Red, Romance, and Replication
I have a new replication paper out today, a collaboration with DU student Elle Lehmann (Lehmann & Calin-Jageman, 2017) . The OSF page for the paper with all the materials and data is here: https://osf.io/j3fyq/ (Calin-Jageman & Lehmann, 2015)
The paper replicates a set of previous findings showing that the color red dramatically increases romantic attraction for both women rating men (A. J. Elliot et al., 2010) and men rating women (A. Elliot & Niesta, 2008). Elle and I conducted two replications: one in-person with a standard psychology participant pool, the other online with MTurk participants. In each case we planned for an informative sample, used original materials, pre-registered our design and analysis plan, and used extensive exclusion criteria to ensure suitable participants (e.g. testing for color-blindness). In both cases, we are sad to report that there was little-to-no effect of red on perceived attractiveness or desired sexual behavior.
There were a few weaknesses: 1) for the in-person study we didn’t obtain nearly enough men to make a good test of the hypothesis, 2) for the online study we couldn’t control the exact parameters for the color red. Still, we found no strong evidence that incidental red influences perceived attractiveness.
Beyond the (disappointing) replication results, there are some really interesting developments to this story:
- Our replication work drew the attention of science journalist Dalmeet Singh who wrote a cool article summarizing the field and our contribution for Slate. Dalmeet has made covering negative results a part of his beat–how great is that!
- There have been some questions about these studies almost from the start. Greg Francis highlighted the fact that the original study of women rating men by Elliot & Niesta (2008) is just too good to be true–every study was statistically significant despite very low power, something that ought not to regularly happen (Francis, 2013) .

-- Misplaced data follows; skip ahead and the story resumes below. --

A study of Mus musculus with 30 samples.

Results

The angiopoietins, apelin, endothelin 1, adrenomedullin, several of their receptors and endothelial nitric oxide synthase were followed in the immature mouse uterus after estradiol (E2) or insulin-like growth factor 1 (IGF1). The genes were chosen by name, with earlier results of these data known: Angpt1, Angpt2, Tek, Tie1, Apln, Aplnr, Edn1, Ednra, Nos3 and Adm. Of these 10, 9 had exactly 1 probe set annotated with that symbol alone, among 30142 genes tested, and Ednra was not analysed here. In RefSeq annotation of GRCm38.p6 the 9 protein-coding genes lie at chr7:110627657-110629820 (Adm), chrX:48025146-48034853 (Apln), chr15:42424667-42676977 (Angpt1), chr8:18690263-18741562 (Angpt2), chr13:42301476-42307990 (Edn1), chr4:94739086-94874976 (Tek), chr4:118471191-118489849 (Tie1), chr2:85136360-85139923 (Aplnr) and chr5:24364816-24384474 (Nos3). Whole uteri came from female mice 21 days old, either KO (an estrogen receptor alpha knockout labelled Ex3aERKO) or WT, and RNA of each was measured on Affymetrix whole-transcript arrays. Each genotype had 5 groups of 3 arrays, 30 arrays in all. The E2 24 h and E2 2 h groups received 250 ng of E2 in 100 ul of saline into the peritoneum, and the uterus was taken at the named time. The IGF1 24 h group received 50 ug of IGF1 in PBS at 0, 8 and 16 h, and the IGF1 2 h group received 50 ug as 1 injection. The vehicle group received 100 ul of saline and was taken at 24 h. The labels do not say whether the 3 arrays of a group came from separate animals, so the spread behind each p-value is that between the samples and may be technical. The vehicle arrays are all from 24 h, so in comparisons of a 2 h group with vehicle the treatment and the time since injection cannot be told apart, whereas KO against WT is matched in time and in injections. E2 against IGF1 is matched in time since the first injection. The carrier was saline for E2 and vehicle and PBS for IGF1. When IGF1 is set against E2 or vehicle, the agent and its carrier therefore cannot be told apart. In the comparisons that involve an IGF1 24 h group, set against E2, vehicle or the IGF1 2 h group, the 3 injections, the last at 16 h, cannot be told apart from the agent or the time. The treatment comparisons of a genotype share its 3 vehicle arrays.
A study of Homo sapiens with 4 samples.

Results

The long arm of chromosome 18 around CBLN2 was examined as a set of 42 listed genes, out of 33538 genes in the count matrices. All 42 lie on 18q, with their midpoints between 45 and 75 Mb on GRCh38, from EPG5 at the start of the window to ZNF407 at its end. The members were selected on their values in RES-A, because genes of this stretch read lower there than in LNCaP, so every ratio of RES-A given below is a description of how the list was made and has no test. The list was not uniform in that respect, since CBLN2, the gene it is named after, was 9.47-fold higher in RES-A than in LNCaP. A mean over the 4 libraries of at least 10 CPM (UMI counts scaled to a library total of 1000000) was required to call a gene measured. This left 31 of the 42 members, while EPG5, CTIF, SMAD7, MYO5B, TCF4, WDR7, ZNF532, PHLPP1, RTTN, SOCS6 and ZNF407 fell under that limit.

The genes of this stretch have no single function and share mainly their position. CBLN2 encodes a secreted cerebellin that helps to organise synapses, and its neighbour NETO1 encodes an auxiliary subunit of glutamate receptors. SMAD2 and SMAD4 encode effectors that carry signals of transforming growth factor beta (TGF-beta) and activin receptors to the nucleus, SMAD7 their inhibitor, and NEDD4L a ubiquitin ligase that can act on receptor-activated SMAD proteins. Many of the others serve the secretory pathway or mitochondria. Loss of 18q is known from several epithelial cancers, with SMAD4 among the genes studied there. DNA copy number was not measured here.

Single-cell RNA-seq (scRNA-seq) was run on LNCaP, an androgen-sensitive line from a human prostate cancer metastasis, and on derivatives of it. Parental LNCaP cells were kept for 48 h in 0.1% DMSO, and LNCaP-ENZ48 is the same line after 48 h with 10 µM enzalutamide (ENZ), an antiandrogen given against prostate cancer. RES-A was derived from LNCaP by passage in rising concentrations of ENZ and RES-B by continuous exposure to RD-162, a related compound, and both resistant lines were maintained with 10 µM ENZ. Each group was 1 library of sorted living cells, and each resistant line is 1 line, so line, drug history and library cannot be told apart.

- Although there have been some studies showing red effects (though often in subgroups or only with some DVs), there is a growing number of studies reporting little-to-no effect of red manipulations on attraction: (Hesslinger, Goldbach, & Carbon, 2015) (Peperkoorn, Roberts, & Pollet, 2016) (Seibt, 2015) (Lynn, Giebelhausen, Garcia, Li, & Patumanon, 2013) (Kirsch, 2015) plus a whole raft of student-led precise replications that were part of the CREP project (Grahe et al., 2012) : https://osf.io/ictud/
- To help make sense of the data, Elle and I embarked on conducting a meta-analysis. It has turned out to be a very big project. We hope we’re nearly ready for submission.
- Andrew Elliot, the original investigator, was extremely helpful in assisting with this replication. Then, as the meta-analysis progressed, he became even more involved and has now joined the project as a co-author. The project’s still not complete yet, but I’ve really enjoyed working with him, and I’m proud that this will (hopefully) become an example of how collegial and productive replication work can be towards better and more cumulative science.